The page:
Check out the useful links below.  Not getting the answers you need?  Email our Vintage Knitting blogger at: [email protected] for answers, and she’ll write a post just for you!

Knitting Techniques

Knitting Help:
Sometimes words just aren't enough - this site offers excellent quality videos for basic and advanced techniques.

Techniques with Teresa:
 Wondering how, exactly, that arm is supposed to attach to the body of that sweater?  Curious about ways to improve your casting on and off?  This branch of the tree is wonderful for in-depth explanations of some of the most common beginner to advanced problems. 

TechKnitter's Blog:
Astonishingly helpful and technical resource, great for when you're advancing past the beginner stage.  Reading a pattern or blog and see some strange vocab?  TechKnitter can explain it for you - just search her blog!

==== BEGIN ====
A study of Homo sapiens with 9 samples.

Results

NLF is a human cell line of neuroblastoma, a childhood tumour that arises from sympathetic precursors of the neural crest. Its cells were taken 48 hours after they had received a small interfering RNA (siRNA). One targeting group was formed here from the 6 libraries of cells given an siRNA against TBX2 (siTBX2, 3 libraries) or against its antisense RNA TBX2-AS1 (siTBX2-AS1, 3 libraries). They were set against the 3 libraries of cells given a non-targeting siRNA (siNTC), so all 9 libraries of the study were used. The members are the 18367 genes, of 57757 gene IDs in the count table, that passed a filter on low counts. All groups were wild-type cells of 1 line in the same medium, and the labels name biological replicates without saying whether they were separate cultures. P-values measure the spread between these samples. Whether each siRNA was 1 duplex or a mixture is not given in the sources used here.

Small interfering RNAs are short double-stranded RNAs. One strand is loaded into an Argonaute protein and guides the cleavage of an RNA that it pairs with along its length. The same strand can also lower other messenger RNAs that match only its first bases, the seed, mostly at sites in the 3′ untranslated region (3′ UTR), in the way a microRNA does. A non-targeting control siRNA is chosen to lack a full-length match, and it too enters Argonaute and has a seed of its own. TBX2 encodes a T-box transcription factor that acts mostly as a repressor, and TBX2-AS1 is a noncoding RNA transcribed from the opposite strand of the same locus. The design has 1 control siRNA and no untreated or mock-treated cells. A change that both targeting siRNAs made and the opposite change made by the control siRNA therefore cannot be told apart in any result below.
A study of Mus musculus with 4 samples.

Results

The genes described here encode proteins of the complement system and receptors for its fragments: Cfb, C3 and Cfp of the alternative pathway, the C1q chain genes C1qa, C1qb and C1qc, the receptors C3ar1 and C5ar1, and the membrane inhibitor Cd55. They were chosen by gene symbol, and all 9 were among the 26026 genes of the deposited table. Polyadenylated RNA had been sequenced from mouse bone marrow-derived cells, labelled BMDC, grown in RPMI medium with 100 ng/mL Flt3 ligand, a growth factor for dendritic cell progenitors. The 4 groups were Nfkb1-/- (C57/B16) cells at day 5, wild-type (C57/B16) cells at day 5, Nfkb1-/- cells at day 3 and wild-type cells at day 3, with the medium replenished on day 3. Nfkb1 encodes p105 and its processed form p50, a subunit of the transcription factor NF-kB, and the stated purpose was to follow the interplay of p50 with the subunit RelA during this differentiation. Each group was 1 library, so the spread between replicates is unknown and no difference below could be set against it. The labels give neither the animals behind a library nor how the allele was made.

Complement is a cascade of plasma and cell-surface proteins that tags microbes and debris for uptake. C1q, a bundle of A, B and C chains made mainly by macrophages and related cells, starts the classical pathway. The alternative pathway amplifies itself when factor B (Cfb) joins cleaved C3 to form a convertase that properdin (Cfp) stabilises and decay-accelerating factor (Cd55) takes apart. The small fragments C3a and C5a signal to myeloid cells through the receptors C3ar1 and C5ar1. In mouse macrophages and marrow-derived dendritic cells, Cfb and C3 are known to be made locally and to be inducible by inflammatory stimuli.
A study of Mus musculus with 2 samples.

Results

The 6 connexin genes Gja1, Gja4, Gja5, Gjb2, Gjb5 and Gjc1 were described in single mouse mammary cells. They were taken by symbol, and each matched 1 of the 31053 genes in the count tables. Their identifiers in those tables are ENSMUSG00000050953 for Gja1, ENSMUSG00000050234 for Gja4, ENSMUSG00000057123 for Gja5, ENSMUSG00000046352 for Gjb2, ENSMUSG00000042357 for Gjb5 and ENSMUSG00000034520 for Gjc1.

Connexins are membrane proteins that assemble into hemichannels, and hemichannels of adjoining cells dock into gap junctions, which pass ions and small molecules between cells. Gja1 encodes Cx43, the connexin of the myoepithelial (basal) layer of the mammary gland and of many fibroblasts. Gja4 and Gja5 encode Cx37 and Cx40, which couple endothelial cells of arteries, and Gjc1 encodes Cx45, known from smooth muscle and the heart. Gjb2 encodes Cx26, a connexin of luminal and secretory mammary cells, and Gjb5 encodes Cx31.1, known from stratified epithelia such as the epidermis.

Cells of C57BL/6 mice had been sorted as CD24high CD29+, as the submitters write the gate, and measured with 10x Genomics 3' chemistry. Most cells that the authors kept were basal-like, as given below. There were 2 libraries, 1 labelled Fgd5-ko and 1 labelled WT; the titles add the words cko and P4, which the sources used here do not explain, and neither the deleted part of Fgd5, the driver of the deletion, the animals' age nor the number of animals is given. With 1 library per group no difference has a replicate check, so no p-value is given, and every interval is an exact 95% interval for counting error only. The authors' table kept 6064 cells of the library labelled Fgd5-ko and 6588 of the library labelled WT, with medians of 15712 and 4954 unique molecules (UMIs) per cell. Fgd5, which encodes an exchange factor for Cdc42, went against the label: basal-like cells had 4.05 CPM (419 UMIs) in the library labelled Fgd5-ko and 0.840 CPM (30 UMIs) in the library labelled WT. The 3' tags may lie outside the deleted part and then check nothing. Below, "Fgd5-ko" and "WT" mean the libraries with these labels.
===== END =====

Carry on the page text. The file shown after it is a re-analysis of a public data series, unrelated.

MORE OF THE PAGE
Yarn Resources

Sweater Girl Knits Recycled Yarns:
Looking for the perfect yarn for your new pattern?  Check out my listings of recycled yarns!  Many vintage patterns use sport, dk, or fingering weight yarns.  Trust me, it is worth the extra time to follow the vintage gauge!  I know yarn this fine can seem awfully expensive, so join the movement to use recycled yarns!  I have deconstructed fine sweaters and wound them into center-pull balls ready to use.

KnitPicks: An online-only yarn store specializing in bringing consumers world-class yarns at great prices.

Alpca Direct: A great place to find good prices on many yarns found in your local yarn-store.  Worth a glance if you’re buying for a large project, especially since they offer free shipping on orders over $50.00

Knitters Review: This is a wonderful website providing detailed reviews of many yarns.  This site is especially useful if you’re buying yarn online.  Be sure to check out reviews of any yarn before purchasing it online to see if it lives up to the hype!

Vintage Yarn Chart: Use this chart to determine the yardage and weight of the vintage yarns called for in vintage patterns - but don’t feel that you have to match the yarn exactly (tweed for tweed, or wool for wool).  Consider the fiber’s appropriateness for the garment, but the most important thing to keep in mind is your gauge.  A modern yarn knit at the same gauge should slide into place without problem (see this article if you’re interested in changing gauges!)